With sunny skies and beautiful flowers, it’s easy to see when warmer weather arrives. However, many elderly people begin to dread that time of year because they suffer greatly from seasonal allergies. Runny nose, itchy eyes, sore throats and sneezing can have a serious effect on the elderly, especially those that struggle with other chronic conditions due to age or illness.When dealing with an elderly relative’s seasonal allergies, it’s important to get all the caregivers on the same page. Home care aides, family members, friends, neighbors and others should learn all they can about seasonal allergies in the elderly, so they are helping, not hurting.

Why Seasonal Allergies are Dangerous for Seniors

Whether its ragweed, tree pollen or some unknown plant, pollen is usually the cause of seasonal allergies. When someone has allergies, their body reacts negatively to the pollen. It can make breathing difficult and the discomfort can be so great that it can affect both their appetite and quality of sleep.

Most people take antihistamine medication for relief from chronic allergies, however this may not be a good idea for aging adults. When an elderly person takes an antihistamine, they can experience high blood pressure and aggravate heart conditions. In many cases, the antihistamine can conflict with other common medications, lessening the effect of both and causing health issues. Family caregivers should only give antihistamines to an aging relative under supervision of a doctor.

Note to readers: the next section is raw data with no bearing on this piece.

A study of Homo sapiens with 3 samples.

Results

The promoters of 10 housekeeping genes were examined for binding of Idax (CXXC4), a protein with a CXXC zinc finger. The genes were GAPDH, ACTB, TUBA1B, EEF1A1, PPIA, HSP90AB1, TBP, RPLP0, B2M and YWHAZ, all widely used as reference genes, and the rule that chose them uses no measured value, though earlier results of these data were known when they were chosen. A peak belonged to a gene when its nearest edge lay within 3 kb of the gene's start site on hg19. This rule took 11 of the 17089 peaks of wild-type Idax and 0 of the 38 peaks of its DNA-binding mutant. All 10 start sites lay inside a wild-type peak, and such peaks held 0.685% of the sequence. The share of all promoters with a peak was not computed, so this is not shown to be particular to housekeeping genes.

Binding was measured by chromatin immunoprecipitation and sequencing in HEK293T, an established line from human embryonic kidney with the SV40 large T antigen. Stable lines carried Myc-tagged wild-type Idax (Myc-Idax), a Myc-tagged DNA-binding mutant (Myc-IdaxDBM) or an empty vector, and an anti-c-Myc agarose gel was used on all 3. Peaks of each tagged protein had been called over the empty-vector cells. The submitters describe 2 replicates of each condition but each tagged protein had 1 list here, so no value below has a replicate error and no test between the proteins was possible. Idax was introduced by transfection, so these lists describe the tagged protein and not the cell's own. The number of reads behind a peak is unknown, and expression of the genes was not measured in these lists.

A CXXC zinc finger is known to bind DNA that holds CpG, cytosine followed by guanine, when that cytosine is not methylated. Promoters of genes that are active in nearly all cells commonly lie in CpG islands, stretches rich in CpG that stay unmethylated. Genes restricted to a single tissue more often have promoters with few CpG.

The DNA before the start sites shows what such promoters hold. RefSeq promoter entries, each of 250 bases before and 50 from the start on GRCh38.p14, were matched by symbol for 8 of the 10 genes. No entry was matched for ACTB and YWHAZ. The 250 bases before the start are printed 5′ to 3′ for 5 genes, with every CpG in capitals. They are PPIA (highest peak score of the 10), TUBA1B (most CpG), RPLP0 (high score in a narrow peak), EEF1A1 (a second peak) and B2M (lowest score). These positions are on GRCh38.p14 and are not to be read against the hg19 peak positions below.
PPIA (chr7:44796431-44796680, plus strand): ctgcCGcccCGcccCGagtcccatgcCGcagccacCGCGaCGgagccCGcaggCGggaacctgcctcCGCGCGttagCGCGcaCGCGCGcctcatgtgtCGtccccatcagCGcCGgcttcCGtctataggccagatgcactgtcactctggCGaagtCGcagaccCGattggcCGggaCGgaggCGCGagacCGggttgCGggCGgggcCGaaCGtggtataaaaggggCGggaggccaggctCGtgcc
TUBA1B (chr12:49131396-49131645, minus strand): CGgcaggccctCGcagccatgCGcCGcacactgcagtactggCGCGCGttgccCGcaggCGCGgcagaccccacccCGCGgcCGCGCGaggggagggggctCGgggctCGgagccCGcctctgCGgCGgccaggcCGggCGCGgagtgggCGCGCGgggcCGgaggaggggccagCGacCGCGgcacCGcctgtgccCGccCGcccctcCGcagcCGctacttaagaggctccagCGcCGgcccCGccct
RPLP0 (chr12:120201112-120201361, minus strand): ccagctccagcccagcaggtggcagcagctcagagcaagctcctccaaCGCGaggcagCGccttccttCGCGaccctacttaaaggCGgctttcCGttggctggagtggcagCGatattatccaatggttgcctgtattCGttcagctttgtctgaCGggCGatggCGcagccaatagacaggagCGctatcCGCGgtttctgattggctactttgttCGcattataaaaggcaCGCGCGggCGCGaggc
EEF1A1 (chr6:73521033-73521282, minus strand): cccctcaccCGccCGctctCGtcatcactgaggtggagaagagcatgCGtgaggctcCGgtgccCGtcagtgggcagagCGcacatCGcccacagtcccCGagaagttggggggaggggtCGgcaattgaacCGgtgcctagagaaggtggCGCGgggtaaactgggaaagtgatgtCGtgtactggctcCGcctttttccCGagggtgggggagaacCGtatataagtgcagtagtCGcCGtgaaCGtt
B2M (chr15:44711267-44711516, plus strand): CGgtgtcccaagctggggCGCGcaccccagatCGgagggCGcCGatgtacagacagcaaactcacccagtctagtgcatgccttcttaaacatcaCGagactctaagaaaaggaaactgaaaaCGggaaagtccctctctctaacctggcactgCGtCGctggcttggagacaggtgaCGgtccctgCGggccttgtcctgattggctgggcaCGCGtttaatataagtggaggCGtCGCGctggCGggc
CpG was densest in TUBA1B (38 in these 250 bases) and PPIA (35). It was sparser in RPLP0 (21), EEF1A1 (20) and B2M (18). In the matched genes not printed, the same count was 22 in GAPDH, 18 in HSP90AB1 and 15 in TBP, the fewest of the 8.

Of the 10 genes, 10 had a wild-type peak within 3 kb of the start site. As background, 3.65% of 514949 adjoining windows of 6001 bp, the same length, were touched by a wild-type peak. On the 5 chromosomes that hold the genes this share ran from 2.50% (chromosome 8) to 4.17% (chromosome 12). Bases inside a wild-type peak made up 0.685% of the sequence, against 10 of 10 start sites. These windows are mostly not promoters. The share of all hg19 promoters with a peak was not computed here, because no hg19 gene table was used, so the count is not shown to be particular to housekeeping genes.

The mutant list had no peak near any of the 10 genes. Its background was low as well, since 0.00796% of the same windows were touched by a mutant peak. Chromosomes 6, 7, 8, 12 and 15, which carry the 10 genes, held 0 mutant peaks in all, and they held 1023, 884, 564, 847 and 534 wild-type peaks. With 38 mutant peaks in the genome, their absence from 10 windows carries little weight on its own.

How to Help Seniors with Seasonal Allergy Relief

So how can family caregivers and home care aides help an elderly person with seasonal allergies feel better? It takes some effort, but there are plenty of tips and tricks to help an aging relative survive the allergy season. It’s important to understanding that seasonal allergies are triggered by pollen from plants like trees, ragweed, sagebrush, goldenrod and many others. They key to managing seasonal allergies is keeping elderly adults as free from pollen irritation as possible.

Being proactive with pollen exposure is going to make a big difference in how an elderly loved one is affected. Family caregivers and home care aides should keep an eye on the local news and the pollen counts. On high pollen days, seniors should be kept inside as much as possible. They should keep the windows and doors closed and change filters in the air conditioning frequently.

After being outside, everyone from the elderly person to the home care aide, should wash their hands well and leave jackets and other outerwear near the front door to prevent pollen from getting into the house. Even though it is tempting, family caregivers shouldn’t hang clothes out to dry on an outside line because they can pick up pollen, too.

Armed with information and ideas, family caregivers, friends and home care assistants can work together to spare elderly adults from some of the uncomfortable symptoms that arise from seasonal allergies.


For home care in Cherry Hill, NJ, and the surrounding areas, call and talk to us at Home to Stay Healthcare Solutions (856) 321-1500.